Paid plasma industry is threatening Canada’s blood supply: panel
On July 25, the Canadian Health Coalition hosted a webinar with experts and advocates on the growing threat to Canada’s blood supply from corporations making huge profits from buying and selling plasma.
Dr. Michèle Brill-Edwards is a long-time board member of the Canadian Health Coalition, former senior Health Canada regulator and whistle-blower on drug and blood safety and semi-retired emergency physician in Ottawa. She reminded the audience that plasma products are more valuable than gold.
“Plasma is not just a liquid, it has very valuable healing proteins, that are both financially and medically very valuable,” said Dr. Brill-Edwards.
Dr. Brill-Edwards then explained how a for-profit industry has grown up around collecting only plasma. She expressed concern that Canada’s cooperation with the paid plasma industry has put the voluntary blood system in jeopardy.
Kat Lanteigne, co-founder of BloodWatch.org, explained that there is a divergent view among patient groups; some are ongoing plasma users and support the paid plasma industry while other patient groups are opponents, founders of her organization who are also survivors of the 1980s/1990s tainted blood scandal.
By allowing the paid plasma centres to gain a foothold in the country, Lanteigne says that Canada is allowing the industry to control our blood supply and patient needs are sacrificed in a market-driven environment.
“It is true that there is a challenge with plasma supply around the world because countries were essentially buying cheaper product from an industry that exploits. Eighty per cent of the plasma that is collected in the U.S. is from vulnerable populations, poor and abject poor,” said Lanteigne.
“When you based plasma collection on patient need, you can manage your supply chain, you can manage cost… and you don’t get buckled under the market demand because you have become self-sufficient,” said Lanteigne who said that it is a myth that for-profit plasma can lead to self-sufficiency in plasma supply.
“Every single international body in the world, the European Blood Alliance, the WHO or the International Society of Blood Transfusion has taken the position that countries around the world need to increase their supply of plasma through the voluntary system. It protects the donors. It ensures that the donor and donor health are integrated in our health system. It makes trace back for donors transparent and easily accessible. It ensures that the donor is not being exploited,” argued Lanteigne.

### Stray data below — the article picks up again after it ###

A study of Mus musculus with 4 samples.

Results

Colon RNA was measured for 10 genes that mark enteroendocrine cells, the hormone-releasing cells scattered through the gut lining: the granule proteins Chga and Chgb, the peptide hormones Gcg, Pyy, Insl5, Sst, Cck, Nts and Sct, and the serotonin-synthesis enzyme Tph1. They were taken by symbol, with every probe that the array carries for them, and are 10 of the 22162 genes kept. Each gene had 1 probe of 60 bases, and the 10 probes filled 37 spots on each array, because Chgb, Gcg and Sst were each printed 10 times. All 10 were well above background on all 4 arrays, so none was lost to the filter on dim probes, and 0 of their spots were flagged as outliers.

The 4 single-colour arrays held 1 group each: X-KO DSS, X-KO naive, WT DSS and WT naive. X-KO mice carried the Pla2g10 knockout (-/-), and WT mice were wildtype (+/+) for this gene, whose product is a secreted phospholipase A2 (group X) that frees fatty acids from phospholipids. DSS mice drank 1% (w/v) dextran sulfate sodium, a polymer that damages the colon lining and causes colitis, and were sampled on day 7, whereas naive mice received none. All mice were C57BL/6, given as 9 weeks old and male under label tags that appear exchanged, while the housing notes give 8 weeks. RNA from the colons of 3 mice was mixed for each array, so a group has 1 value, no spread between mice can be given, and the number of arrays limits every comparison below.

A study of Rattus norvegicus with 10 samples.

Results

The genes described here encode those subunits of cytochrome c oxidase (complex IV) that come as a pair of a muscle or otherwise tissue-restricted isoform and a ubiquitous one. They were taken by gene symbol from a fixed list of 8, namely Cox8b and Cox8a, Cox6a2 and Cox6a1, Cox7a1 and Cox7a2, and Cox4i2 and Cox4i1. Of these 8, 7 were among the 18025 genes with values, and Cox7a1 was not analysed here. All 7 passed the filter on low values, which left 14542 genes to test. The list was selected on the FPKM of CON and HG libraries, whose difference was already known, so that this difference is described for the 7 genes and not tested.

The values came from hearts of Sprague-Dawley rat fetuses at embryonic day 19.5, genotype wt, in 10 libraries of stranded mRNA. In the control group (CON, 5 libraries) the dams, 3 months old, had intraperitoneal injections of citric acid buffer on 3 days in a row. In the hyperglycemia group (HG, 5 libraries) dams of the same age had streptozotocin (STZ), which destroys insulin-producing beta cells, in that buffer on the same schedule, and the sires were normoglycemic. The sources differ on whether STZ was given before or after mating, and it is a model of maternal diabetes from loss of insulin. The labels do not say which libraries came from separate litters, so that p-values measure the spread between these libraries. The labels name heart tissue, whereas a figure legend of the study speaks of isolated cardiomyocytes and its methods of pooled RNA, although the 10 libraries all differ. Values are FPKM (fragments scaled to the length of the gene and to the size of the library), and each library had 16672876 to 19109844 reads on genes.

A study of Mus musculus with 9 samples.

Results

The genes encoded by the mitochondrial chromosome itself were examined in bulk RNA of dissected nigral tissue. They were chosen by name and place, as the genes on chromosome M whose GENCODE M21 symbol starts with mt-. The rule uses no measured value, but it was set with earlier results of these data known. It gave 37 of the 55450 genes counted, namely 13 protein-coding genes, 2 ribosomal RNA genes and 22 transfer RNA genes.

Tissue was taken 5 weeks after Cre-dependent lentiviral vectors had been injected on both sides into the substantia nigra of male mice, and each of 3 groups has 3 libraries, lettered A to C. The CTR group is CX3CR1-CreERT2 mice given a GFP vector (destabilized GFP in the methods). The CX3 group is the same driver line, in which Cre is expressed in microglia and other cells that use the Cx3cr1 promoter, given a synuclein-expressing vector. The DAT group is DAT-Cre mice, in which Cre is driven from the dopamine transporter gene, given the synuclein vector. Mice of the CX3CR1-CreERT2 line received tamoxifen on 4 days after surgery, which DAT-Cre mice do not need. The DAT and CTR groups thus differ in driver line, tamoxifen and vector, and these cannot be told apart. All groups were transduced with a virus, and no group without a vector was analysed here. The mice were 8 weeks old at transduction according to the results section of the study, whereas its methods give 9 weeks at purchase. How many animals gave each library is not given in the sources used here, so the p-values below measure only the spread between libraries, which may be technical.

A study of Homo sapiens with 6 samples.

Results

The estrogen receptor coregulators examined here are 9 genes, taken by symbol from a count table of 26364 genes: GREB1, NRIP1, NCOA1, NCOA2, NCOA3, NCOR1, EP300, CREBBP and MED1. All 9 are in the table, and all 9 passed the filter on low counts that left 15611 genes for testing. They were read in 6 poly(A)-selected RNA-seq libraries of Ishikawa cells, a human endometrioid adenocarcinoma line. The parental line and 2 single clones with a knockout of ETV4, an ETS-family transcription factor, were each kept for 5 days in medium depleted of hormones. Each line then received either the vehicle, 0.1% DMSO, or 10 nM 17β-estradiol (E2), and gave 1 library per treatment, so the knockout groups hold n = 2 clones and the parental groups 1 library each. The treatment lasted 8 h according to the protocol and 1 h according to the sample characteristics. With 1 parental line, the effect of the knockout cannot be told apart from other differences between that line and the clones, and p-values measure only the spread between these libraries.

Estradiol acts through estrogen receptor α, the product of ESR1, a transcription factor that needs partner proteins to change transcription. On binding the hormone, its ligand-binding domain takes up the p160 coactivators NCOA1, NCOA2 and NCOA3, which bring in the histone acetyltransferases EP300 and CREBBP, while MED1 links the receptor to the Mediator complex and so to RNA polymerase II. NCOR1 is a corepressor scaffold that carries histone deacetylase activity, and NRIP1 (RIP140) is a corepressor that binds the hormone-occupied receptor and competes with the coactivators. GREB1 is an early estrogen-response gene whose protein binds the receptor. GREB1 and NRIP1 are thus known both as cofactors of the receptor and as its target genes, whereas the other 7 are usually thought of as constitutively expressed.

Daniel Légère, president of the New Brunswick Federation of Labour, organized against the opening of Canadian Plasma Resources paid plasma centre in Moncton in 2016. Panelists learned that paid plasma centres have since opened in more cities in the provinces of New Brunswick, Alberta, Saskatchewan and Manitoba.
“Unfortunately we were not able to stop the Moncton clinic from opening. However, I believe that what we were able to do was delay the opening of clinics,” said Légère.
“At the end of the day, these are political decisions,” said Légère who encouraged political action to stop governments from allowing these paid plasma centres from operating in our communities.
Canadian Health Coalition recently supported a letter-writing campaign organized by BloodWatch to Ontario Health Minister Sylvia Jones requesting that Ontario’s Voluntary Blood Protection Act be upheld.
Following the webinar, Dr. Brill-Edwards spoke with CBC’s All in Day, a popular radio show in Ottawa. Dr. Brill-Edwards told the host that there are plans for two dozen more paid plasma centres in the country.
“What we are worried about is that there is a growing global demand for plasma and that is drawing in a very large number of multinational operators that could easily, if they are allowed, outcompete the voluntary system in Canada,” said Dr. Brill-Edwards.
The Canadian Health Coalition, Bloodwatch.org and the New Brunswick Federation of Labour are working together on disseminating resources to people wanting to protect Canada’s voluntary blood supply.
Watch for more webinars by the Canadian Health Coalition in the future. To suggest a webinar topic, email Tracy Glynn at email@example.com.